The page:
Prostate cancer is the most common form of cancer amongst men in Denmark with approximately 4.500 new cases each year , and around 8.000 going through the diagnostic procedure . Although prostate cancer has a 5-year survival rate at 87% , prostate cancer accounts for the second highest number of cancer related deaths in Denmark .
Ensuring that the process of diagnosing prostate cancer is safe and efficient is therefore of utmost importance. Moreover, as there is substantial variation in the severity of prostate cancer - some tumors may remain latent for years, whereas others progress rapidly and ultimately lead to mortality - it is important to be able to identify those cases that are clinically significant . The standard method of diagnosing prostate cancer is digital rectal examination (DRE), serum prostate specific antigen (PSA) and transrectal ultrasound scanning (TRUS) with 10-12 biopsies simultaneously. Due to the advancements in the field of magnetic resonance imaging, the Danish national guidelines from DaProCa now recommend multi parametric magnetic resonance imaging (mpMRI) prior to any biopsy . With mpMRI it is possible to map the affected areas, and thereby reduce the number of biopsies needed from 10-12 to 2-4 . More importantly though, by utilizing mpMRI medical doctors who have undergone extensive training can detect approximately 90% of all clinical significant prostate cancers (i.e., prostate cancer with a Gleason score of 7 or higher, including 3+4 prominent, but not predominant Gleason 4 components, and/or a volume of m ≥ 0,5cc and/or extra prostatic extension). Furthermore, mpMRI has a high predicative negative value. Compared to the standard method, mpMRI therefore significantly reduce the false positive rate, as well as decrease the number of biopsy related complications such as fibrosis, sepsis, and in worst case death .
To ensure standardization and consistency in the performance, interpretation and reporting of mpMRI exams the prostate imaging-reporting and data system (PIRADS) has been developed. PIRADS provides a grading system that predicts the malignancy of an affected area within the prostate. The newest version v2.1 was reviewed in 2019. Diffusion weighted imaging (DWI) and its derivative apparent diffusion coefficient (ADC) are key elements when grading mpMRI prostate exams according to PIRADS. DWI reflects the random motion of water which in prostate cancer differs from normal prostate tissue. Most clinically significant cancer has restricted diffusion and the ADC value has been reported to correlate inversely with histological grade . PSA density, as measured by mpMRI, correlates with the probability of clinically significant cancer and is another value information that is reported within the PIRADS system .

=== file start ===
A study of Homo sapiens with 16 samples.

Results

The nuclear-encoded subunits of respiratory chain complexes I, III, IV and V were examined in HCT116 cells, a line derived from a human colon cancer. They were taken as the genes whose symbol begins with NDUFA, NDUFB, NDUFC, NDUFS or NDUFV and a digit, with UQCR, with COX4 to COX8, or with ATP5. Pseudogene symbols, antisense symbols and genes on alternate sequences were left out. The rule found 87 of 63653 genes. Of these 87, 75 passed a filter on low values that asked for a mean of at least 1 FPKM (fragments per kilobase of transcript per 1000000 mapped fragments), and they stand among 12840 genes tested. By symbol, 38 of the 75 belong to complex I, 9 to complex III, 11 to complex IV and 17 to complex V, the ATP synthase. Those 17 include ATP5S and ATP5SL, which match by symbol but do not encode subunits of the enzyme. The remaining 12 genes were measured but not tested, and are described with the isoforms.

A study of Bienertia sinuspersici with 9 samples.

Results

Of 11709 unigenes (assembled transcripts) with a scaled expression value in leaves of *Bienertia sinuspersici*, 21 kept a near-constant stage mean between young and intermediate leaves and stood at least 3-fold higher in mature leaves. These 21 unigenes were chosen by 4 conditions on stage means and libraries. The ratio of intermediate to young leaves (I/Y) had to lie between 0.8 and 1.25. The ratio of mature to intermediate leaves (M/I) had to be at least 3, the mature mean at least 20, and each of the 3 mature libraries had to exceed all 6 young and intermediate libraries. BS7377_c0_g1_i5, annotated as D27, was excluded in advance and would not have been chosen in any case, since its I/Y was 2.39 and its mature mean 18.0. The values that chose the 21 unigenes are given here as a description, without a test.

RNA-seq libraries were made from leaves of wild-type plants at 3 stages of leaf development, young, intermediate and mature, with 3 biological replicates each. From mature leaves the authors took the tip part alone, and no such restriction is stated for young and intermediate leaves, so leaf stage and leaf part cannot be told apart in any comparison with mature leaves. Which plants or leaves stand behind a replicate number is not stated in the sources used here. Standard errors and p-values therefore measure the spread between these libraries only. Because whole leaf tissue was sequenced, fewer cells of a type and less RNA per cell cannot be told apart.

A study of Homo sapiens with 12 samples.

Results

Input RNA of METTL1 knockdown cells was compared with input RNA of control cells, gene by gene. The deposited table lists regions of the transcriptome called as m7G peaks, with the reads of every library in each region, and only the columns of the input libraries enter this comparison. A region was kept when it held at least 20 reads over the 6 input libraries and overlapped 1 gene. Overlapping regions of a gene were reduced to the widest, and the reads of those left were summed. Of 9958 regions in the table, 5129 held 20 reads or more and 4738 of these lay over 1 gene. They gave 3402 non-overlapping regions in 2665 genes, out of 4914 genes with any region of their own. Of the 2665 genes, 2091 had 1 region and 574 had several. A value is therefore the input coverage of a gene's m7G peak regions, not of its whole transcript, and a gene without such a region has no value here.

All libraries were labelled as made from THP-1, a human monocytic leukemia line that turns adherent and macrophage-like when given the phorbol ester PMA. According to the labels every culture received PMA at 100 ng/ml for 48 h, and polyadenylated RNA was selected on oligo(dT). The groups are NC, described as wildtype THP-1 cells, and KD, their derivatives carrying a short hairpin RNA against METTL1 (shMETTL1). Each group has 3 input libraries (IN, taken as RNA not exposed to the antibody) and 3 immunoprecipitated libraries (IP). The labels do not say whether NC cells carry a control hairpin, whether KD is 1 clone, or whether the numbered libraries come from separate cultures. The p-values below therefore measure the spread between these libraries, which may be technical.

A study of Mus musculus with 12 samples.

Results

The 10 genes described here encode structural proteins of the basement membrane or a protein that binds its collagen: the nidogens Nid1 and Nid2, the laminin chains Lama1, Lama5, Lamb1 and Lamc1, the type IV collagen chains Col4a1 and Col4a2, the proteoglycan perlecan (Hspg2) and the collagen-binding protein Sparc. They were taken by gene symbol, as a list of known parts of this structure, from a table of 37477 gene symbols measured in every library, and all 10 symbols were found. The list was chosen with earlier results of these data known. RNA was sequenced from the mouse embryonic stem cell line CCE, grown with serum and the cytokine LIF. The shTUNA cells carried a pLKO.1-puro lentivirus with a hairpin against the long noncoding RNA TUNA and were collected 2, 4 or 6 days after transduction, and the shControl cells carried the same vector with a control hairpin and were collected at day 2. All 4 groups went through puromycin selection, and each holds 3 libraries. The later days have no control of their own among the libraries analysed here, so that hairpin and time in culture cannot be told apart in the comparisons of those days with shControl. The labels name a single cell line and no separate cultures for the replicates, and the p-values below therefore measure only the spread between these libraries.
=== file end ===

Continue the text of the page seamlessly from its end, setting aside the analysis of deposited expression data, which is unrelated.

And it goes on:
Since 2020, mpMRI prior to any biopsies has gradually been implemented as the standard method of diagnosing prostate cancer at OUH. However, as the interpretation of prostate mpMRI results are very challenging and prone to human error, it is important to engage in continuous quality assurance. The purpose of this study is therefore to investigate the overall quality of clinical interpretations of prostate mpMRI exams performed at OUH. In order to investigate this we compare Gleason's scores with PIRADS 3-5 grades, ADC values and PSA densities from a sample of adult men who have undergone a prostate mpMRI exam and subsequent biopsy.
4.0 HYPOTHESIS AND SPECIFIC AIM
The present study is a retrospective study aimed at investigating the overall quality of clinical interpretations of prostate mpMRI exams by comparing Gleason's scores with PIRADS scores, ADC values and PSA densities from a sample of adult men who have undergone a prostate mpMRI exam at OUH. In particular, we will test the null hypothesis that there is no significant difference between Gleason scores and PIRADS scores obtained from prostate mpMRI exams.
5.1 Inclusion criteria
All biopsy naive men who are 18 years or older and who have, because of prostate cancer suspicion, undergone a mpMRI exam at OUH will be included in this study. The following data must be available for all patients included: CPR-number, procedure sequence, and Gleason score. Only participants who have no prior history of prostate cancer will be included.
5.2 Exclusion criteria
Insufficient quality of imaging, failure to administer iv. contrast when performing the mpMRI, any prior radiotherapy, partial- total prostatectomy or other form of treatment that can give elevated serum PSA.
5.3 Study date range
This study will use retrospective data collected from 01.06.2016 to 01.06.2021 and prospective data from 01.06.2021 and forward.